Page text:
Summit School District adds new bus route with stops in Blue River |

Summit School District adds new bus route with stops in Blue River

A school bus is pictured Aug. 13 at the Summit School District bus barn in Frisco. The district hired a new driver and is adding a new route with stops in Blue River.
Tripp Fay/For the Summit Daily News

Some kids in Blue River will have a new ride to school starting Monday, Oct. 11.

Summit School District was able to hire and train a new bus driver, adding a new route in Breckenridge with stops serving Blue River at the Quandary Road turnaround and at the intersection of Colorado Highway 9 and Blue River Road. The district will also have two new activity buses at the middle school starting Monday.

Summit School District Transportation Manager Andrea Meyer-Pemble said there are now a total of three buses serving the Breckenridge area: one goes to the Wellington neighborhood, one covers the Upper Blue area, and one covers southern Breckenridge and Blue River. The district was able to take 65 kids off the waitlist with the addition of the new route.

District spokesperson Andrea Ridder wrote in an email that bus stop locations were determined based on Colorado Department of Education safety guidelines, school board policies, geographic challenges and time constraints due to the continuing driver shortage.

Meyer-Pemble said she’s heard a mix of reactions from families who are happy about the new stops and families who are disappointed that they don’t have the stop they previously did. She said she doesn’t anticipate anything close to pre-COVID routes anytime soon.

Meyer-Pemble also said some Colorado Department of Education rules have changed in recent years, and while buses previously used to stop frequently on Highway 9, the district is now trying to limit this. She also said it isn’t a best practice for safety reasons to frequently stop on a two-lane highway with a 50 mph speed limit.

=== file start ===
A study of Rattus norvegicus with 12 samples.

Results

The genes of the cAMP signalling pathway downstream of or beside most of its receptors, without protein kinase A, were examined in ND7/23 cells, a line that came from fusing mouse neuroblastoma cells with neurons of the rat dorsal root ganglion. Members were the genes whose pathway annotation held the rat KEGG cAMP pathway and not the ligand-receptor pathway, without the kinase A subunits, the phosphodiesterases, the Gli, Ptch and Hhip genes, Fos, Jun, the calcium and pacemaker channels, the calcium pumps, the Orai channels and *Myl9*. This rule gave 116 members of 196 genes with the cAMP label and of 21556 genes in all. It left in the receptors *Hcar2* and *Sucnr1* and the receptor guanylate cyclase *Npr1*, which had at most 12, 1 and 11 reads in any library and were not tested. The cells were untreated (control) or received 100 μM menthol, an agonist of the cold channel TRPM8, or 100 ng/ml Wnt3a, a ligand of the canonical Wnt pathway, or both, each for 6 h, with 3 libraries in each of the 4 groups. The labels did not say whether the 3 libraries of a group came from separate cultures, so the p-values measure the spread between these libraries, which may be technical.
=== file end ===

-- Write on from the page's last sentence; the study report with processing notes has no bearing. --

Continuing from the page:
“By (Colorado Department of Education) regulations, the cars that we’re hindering from going, we have to literally pull over and let everybody else go before we can proceed on to our route,” Meyer-Pemble said. “So that takes time, and we don’t have the time because we have other students to pick up.”

Students were assigned to buses based on the waitlist the district had going, but Meyer-Pemble said she also had to move some kids around to make sure they were on the bus that made the most sense with the new routes. She said there are 13 middle and high school students who will be using the Blue River stops and 22 elementary students.

“I just really want the community to know that we are really trying our best to accommodate the Blue River area,” Meyer-Pemble said.

Meg Caldwell, who lives between Breckenridge and Blue River, said the new stops won’t be any help for her since the bus previously stoped right outside her neighborhood on Highway 9 to pick up her kids. While she is happy for the families in Blue River who will benefit, she said she feels like the district still hasn’t asked families enough specifics about what they need, and she’s concerned her kids won’t ever have a bus stop again.

“We always had a bus stop until the pandemic,” Caldwell said. “… We totally get that there’s a shortage. I’m so happy for Blue River because those people are certainly farther from town than we are.”

Clair Sullivan also said she is happy to see some service back in Blue River, but the new stops aren’t helpful for her family, either. She has one daughter who goes to Breckenridge Elementary and said the bus also used to stop right outside her neighborhood.

“I’m really glad that they restored service in any level to Blue River,” Sullivan said. “But for us … instead of driving to a bus stop, sitting there for a while waiting for the bus and then repeating that, it’s just quicker for me to drop her off myself.”